User Name
  Everyday Actions  
  What Can You Do to Save Coral Reefs?  
  1. Become a member of Reef Check or email for details.

  2. Support reef-friendly businesses.
    Ask what your dive shop, boating store, tour operators, hotel and other coastal businesses are doing to save the coral reefs. Let them know how you are an informed consumer and care about reefs.

  3. Don’t use chemically enhanced pesticides and fertilizers.
    Although you may live thousands of miles from a coral reef ecosystem, these products end up in the watershed
    and may ultimately impact the waters that support coral.

  4. Volunteer for a reef cleanup.
    You don’t live near a coral reef? Then do what many people do on their vacation: visit a coral reef. Spend an afternoon enjoying the beauty of one of the world’s treasures while helping to preserve it for future generations.

  5. Learn more about coral reefs.
    How many different species live in reefs? What new medicines have been discovered in reef organisms? Participate in training or educational programs that focus on reef ecology. You can find out about these trainings at When you further your own education, you can help others understand the fragility and value of the world’s coral reefs.

  6. Become a member of your local aquarium or zoo.
    Ask what they are doing and what your donation can do towards saving the world’s coral reefs. The answer may pleasantly surprise you.

  7. When you visit a coral reef, help keep it healthy by respecting all local guidelines, recommendations, regulations, and customs. Ask local authorities or your dive shop how
    to protect the reef.

  8. When you visit a coral reef, always wear waterproof sun block.
    This keeps it from coming off in the water and causing pollution.

  9. When snorkeling, always wear a flotation device. 
    This keeps you from getting tired and stepping on the reefs which could break or kill it.

  10. Never take a piece of the reef
    not even a small bit.

  11. Don’t buy food to feed the fish when visiting a reef. 
    When the fish find their own food on the reef, it keeps it healthy.

  12. Support conservation organizations. 
    Many of them have coral reef programs, and your much-needed monetary support will make a big difference.

  13. Spread the word. 
    Remember your own excitement at learning how important the planet’s coral reefs are to us and the intricate global ecosystem.  Sharing this excitement gets everyone you speak with involved.

  14. Be an informed consumer. 
    Consider carefully the coral objects that you buy for your coffee table.  Ask the store owner or manager from what country the coral is taken and whether or not that country has a management plan to insure that the harvest was legal and sustainable over time.

  15. Don’t pollute. 
    Never put garbage or human waste in the water.  Don’t leave trash on the beach.

  16. Recycle. 
    This is the first step each of us can take to make a change.  Recycle anything and everything.  If your community doesn’t have a program, do it anyway, and get one started.

  17. Conserve water. 
    The less water you use the less runoff and waste water that eventually finds its way back into our oceans.

  18. Report dumping or other illegal activities.
    Environmental enforcement cannot be everywhere, and your involvement can make a big difference.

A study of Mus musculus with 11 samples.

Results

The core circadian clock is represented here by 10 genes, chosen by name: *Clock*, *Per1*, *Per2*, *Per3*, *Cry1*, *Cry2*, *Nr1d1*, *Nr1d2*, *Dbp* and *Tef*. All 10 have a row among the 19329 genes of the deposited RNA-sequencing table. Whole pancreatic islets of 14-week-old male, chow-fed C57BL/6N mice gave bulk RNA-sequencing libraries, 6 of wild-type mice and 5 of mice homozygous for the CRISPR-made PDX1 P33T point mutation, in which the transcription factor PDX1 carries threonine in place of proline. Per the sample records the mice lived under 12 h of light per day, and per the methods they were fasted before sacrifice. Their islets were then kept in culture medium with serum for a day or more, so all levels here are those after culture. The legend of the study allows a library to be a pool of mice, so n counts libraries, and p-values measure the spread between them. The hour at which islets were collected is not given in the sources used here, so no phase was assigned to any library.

19. Keep it clean. 
    You may be in the habit of picking up your own trash.  You may even participate in an organized clean up.  But have you considered carrying away the trash that others have left behind?

  20. Only buy marine aquarium fish if you know they have been collected in an ecologically sound manner. 
    In some areas, marine fish harvested for the pet trade are stunned with sodium cyanide so that capturing them is easier.  That method harms the coral.

  21. Surf the net. 
    Many different addresses exist to link you to information about coral reefs and what you can do to become involved.  A good starting point is here

  22. Don’t start a live rock aquarium.
    Although this living rock is still harvested legally in some places, its collection is devastating to the reef organisms’ habitat.

  23. Hire local guides when visiting a coral reef ecosystem.
    Not only do you learn about the local resources, but you will be protecting the future of the reef by supporting a non-consumptive economy around the reef.

  24. Don’t anchor on the reef. 
    If you go boating near a coral reef, use mooring buoy systems when they are available.

  25. If you dive, don’t touch.
    Take only pictures and leave only bubbles.  Keep your fins, gear, and hands away from the coral, as this contact can hurt you and will damage the delicate coral animals.  Stay off the bottom because stirred-up sediment can settle on coral and smother it.

  26. Volunteer.
    Volunteer and community coral reef monitoring programs (such as Reef Check) are very important.  If you do not live near a coast, get involved in your local save the river (bay, lake, etc) program.  Remember, all watersheds affect the oceans and eventually the coral reefs.

  27. Support the creation and maintenance of marine parks and reserves. 
    Encourage your friends to get involved with projects to protect special areas.

  28. Be a wastewater crusader. 
    Make sure that sewage from your boat, from other boats, and from land is correctly treated.  The nutrients from sewage feed growing algae that can smother and kill corals.

  29. Inform yourself. 
    Find out about existing and proposed laws, programs, and projects that could affect the world’s reefs.

  30. When eating seafood, make choices for healthy oceans. Your consumer choices make a difference. Use this guide to make informed choices when ordering seafood.